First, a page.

The Caatinga is a semi-arid biome found only in northeastern Brazil. The vegetation there has adapted to the current climate of a short rainy season and continuous high temperatures throughout the year. Ranging over some 800,000 km2 and covering about 10% of the country, the Caatinga is Brazil’s third largest biome. There are 36 protected areas in the Caatinga, corresponding to about 7% of the Caatinga’s total area. However just over one percent (1.21%) of this protected area has restricted human use meaning full protection (MMA, 2005).

The climate factors of high temperatures and lack of rain aligned with low soil fertility have restricted large-scale agriculture in this environment. Therefore subsistence farming is the predominate living alternative for local inhabitants. Because there is a high rate of poverty for the Caatinga residents, and because the habitat tends to be fragmented, (Castelletti et al., 2004) the people have been pressured to turn to subsistence hunting. This local human competition for the jaguars’ food sources appears to be the major threat to continuation of the jaguar species in the Caatinga.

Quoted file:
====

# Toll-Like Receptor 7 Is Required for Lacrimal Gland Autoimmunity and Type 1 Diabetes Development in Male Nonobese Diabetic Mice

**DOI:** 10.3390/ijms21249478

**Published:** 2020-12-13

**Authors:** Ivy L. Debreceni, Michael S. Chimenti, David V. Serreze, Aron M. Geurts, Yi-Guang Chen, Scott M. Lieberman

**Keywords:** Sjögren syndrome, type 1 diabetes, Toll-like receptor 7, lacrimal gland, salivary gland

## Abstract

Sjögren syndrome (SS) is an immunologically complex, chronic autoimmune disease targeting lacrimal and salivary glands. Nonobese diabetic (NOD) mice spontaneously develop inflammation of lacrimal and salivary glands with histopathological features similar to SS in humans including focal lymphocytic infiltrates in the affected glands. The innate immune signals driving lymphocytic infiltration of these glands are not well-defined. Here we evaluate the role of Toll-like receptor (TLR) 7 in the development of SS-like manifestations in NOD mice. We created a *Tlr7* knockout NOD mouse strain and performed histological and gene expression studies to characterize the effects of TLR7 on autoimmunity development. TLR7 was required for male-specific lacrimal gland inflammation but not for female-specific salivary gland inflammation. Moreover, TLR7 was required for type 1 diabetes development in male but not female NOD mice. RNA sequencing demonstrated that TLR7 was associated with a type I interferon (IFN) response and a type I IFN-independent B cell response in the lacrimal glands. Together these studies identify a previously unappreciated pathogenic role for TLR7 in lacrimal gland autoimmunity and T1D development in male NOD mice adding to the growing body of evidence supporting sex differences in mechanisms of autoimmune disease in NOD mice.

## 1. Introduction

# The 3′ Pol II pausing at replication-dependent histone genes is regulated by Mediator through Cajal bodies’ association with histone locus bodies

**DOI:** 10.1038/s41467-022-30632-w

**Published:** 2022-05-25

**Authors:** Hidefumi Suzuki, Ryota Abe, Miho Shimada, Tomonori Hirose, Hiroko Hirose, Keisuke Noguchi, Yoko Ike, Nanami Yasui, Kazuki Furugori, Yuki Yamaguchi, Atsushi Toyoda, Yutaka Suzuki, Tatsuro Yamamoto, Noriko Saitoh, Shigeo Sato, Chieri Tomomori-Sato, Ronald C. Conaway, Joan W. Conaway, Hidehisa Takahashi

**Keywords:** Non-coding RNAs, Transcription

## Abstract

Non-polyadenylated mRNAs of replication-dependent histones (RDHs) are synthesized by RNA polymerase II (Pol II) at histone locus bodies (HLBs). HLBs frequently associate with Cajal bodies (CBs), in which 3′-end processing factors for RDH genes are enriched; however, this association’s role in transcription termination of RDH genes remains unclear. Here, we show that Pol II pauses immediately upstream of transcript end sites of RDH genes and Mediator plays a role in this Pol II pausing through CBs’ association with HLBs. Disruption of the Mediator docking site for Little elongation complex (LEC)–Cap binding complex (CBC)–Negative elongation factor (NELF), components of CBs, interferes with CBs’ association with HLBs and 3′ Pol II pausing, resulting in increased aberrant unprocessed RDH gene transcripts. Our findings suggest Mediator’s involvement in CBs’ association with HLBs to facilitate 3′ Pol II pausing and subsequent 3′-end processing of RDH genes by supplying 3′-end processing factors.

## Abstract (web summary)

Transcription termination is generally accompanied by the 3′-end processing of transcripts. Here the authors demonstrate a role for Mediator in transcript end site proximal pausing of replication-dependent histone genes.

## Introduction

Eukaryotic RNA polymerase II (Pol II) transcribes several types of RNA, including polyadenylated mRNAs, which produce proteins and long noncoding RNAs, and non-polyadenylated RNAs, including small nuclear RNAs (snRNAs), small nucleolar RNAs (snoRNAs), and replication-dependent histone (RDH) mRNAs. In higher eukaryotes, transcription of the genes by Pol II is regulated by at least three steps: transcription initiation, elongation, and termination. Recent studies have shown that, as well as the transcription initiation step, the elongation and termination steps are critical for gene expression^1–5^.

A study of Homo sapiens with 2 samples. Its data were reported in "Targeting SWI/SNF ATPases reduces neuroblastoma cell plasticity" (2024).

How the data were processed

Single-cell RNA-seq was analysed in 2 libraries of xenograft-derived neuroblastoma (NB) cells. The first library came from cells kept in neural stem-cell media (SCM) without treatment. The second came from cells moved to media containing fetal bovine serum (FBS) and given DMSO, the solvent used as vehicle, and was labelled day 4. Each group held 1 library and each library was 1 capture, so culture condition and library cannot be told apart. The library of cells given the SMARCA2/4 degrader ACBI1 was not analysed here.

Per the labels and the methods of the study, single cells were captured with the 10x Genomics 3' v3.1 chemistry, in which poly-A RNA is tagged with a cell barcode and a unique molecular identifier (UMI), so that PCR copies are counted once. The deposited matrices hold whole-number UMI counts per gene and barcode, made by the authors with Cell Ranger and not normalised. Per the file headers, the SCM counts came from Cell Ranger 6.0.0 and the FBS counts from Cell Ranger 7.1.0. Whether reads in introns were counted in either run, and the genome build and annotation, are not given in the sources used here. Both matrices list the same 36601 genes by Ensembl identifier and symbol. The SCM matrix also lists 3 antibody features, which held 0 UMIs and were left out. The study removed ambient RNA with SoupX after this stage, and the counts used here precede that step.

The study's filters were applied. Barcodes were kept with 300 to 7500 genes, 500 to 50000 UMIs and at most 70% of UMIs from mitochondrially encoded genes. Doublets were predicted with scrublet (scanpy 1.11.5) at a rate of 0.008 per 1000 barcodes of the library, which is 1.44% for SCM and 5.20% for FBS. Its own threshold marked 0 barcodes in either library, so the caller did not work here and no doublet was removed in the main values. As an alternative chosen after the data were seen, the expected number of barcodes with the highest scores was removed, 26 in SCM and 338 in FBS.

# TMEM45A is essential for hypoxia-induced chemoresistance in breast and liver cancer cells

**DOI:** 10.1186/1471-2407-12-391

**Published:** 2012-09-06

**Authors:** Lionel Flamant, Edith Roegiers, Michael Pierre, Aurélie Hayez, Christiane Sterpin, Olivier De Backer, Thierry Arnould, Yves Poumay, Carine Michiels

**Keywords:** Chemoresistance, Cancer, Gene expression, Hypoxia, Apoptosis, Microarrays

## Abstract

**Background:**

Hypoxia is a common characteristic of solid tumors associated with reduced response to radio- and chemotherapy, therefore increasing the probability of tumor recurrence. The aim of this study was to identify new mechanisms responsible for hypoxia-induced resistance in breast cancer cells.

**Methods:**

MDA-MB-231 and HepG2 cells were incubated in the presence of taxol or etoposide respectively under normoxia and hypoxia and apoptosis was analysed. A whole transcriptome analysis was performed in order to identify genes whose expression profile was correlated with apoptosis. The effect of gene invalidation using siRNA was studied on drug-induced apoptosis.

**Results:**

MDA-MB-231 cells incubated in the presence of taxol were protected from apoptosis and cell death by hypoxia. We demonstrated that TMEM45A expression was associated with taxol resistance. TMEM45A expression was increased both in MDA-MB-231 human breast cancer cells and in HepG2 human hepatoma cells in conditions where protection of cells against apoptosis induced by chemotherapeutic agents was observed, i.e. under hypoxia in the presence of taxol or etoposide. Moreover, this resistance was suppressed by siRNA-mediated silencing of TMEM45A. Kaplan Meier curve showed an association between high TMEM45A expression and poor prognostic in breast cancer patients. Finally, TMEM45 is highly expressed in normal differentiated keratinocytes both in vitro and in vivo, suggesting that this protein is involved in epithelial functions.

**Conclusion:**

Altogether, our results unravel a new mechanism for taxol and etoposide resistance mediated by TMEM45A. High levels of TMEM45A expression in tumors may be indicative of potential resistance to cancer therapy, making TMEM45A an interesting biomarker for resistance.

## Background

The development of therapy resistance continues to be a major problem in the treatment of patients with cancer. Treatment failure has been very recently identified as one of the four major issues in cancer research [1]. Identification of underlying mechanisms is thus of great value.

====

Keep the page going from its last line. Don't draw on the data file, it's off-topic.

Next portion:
The Jaguar Conservation Fund is currently studying the following two protected jaguar populations in the Caatinga:

Serra da Capivara National Park: This site is in the southwest portion of the Piaui State. UNESCO considers the park area of 130,000 hectares (321,235 acres) a Human Heritage Asset. This park has two outstanding features of significance: a rich collection of cave paintings within its borders, and one of the most impressive jaguar populations in the Caatinga.

Serra das Confusoes National Park: This park borders on the Serra da Capivara National Park and has almost four times the area of its neighbor. At 526,000 hectares (1,299,769 acres), it is the largest protected park in the Caatinga.

Both parks combined are by far the largest and best Caatinga fauna refuge of the entire biome. If jaguars are to persist in the Caatinga, these two parks are of utmost importance in the fight to save these magnificent animals.